Friday, July 20, 2018

Georgia Will Soon be in NATO and Moscow Must Respond by Expanding Networks with Breakaway States, Russian Analyst Says

Paul Goble

            Staunton, July 20 – Following the NATO summit in Brussels, Aleksey Beliyev says, Moscow must recognize that Georgia is going to become a member of the Western alliance very soon, quite possibly as others have suggested, even without having to fulfill a Membership Action Plan (MAP).

As a result, the Russian security analyst says, Russian officials must build a ramified road and rail system in the North Caucasus that will integrate Abkhazia and South Ossetia with Russia and give Moscow the ability to counter any NATO move (

            Unfortunately, he continues, Moscow has not taken the necessary steps to do so up to now, with one project after another left unfunded or repeatedly delayed. But the imminence of Georgia’s membership in the Western alliance leaves the Russian side with no defensible option except to restart these projects and launch others – and to begin to do so right now.

            The most immediately striking aspect of Beliyev’s article today is that he views the question of Georgian membership in NATO as an imminent done deal, a remarkable position for him to take given that Vladimir Putin clearly hopes he can intimidate alliance members into at a minimum delaying admission of Tbilisi by threatening a harsh response to any such action.

            To be sure, the analyst says, NATO has not give an exact date for Georgia’s “inevitable” admission, “but in the opinion of many experts this process is hardly likely to be drawn out.” And NATO advisors are already flooding into Georgia, focusing their attention on Georgian border regions between Abkhazia and South Ossetia.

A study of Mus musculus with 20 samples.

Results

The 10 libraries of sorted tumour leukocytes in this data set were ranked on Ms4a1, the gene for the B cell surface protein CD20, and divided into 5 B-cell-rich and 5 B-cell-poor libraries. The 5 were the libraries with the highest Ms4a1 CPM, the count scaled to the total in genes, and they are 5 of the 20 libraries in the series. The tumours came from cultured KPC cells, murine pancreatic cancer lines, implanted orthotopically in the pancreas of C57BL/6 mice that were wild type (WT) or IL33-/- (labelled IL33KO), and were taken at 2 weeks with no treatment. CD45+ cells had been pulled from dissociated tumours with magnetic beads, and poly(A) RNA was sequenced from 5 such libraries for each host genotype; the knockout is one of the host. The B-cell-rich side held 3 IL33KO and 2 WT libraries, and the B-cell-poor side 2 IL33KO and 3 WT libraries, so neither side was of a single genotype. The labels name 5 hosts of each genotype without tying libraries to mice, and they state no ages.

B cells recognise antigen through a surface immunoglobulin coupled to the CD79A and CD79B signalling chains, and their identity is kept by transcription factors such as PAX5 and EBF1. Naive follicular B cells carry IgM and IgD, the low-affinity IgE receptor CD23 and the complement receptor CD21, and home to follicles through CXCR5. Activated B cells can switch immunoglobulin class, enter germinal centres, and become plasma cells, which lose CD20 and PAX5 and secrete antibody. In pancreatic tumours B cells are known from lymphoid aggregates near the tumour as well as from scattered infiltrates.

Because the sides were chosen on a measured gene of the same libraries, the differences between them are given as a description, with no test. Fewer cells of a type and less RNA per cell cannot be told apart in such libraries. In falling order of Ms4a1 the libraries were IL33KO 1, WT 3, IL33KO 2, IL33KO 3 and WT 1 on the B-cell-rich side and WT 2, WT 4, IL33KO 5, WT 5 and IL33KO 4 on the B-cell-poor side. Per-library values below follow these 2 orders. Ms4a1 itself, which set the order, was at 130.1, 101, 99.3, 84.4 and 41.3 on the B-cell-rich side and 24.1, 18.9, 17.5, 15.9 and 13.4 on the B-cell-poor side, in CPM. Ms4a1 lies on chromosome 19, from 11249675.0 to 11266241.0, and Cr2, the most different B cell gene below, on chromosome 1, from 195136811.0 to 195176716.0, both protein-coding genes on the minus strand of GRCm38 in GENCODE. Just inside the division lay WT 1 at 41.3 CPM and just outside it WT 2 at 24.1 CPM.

“It is not excluded,” Beliyev argues, “that intelligence and/or military objects of NATO will be places in Pageri, Oni and/or Mestia, that is – and [he] stresses this yet again – in that part of northwestern Georgia which adjoins the Georgian-Russian border and at one and the same time geographically separates Abkhazia and South Ossetia.”

            It is precisely in this region that the Georgian authorities are planning to extend over the next two years existing railroad lines from Tkibulil and/or Dzhvari, linking it to the Baku-Tbilisi-Kars line and giving NATO enormous opportunities for rapid maneuver. Russia must react to that promptly.

            “In the emerging situation, the accelerated establishment of a unified transportation-economic and on the whole defensive infrastructure space of the Russian Federation, Abkhazia and South Ossetia is taking on especially great importance.” Unfortunately, Beliyev says, talk about such projects has far exceeded progress on the ground.

            According to the analyst, “the military-strategic importance of these projects for the security and development of economic cooperation among Russia, Abkhazia and South Ossetia and even more in the context of the ever more rapid coming together of Georgia and NATO is obvious.” 

            In his article, Beliyev describes the various rail and highway proposals that have been made over the years to address these problems and the general failure of Moscow to ensure that plans become realities.  Now with Georgia set to become a NATO country, perhaps the Russian government will take action.

            “In a broader context,” he says, “South Ossetia and Abkhazia have for a long time already needed to be more closely integrated into the Organization for the Collective Security Treaty, which besides everything else, will accelerate the realization of such projects” linking these two unrecognized states with Russian territory.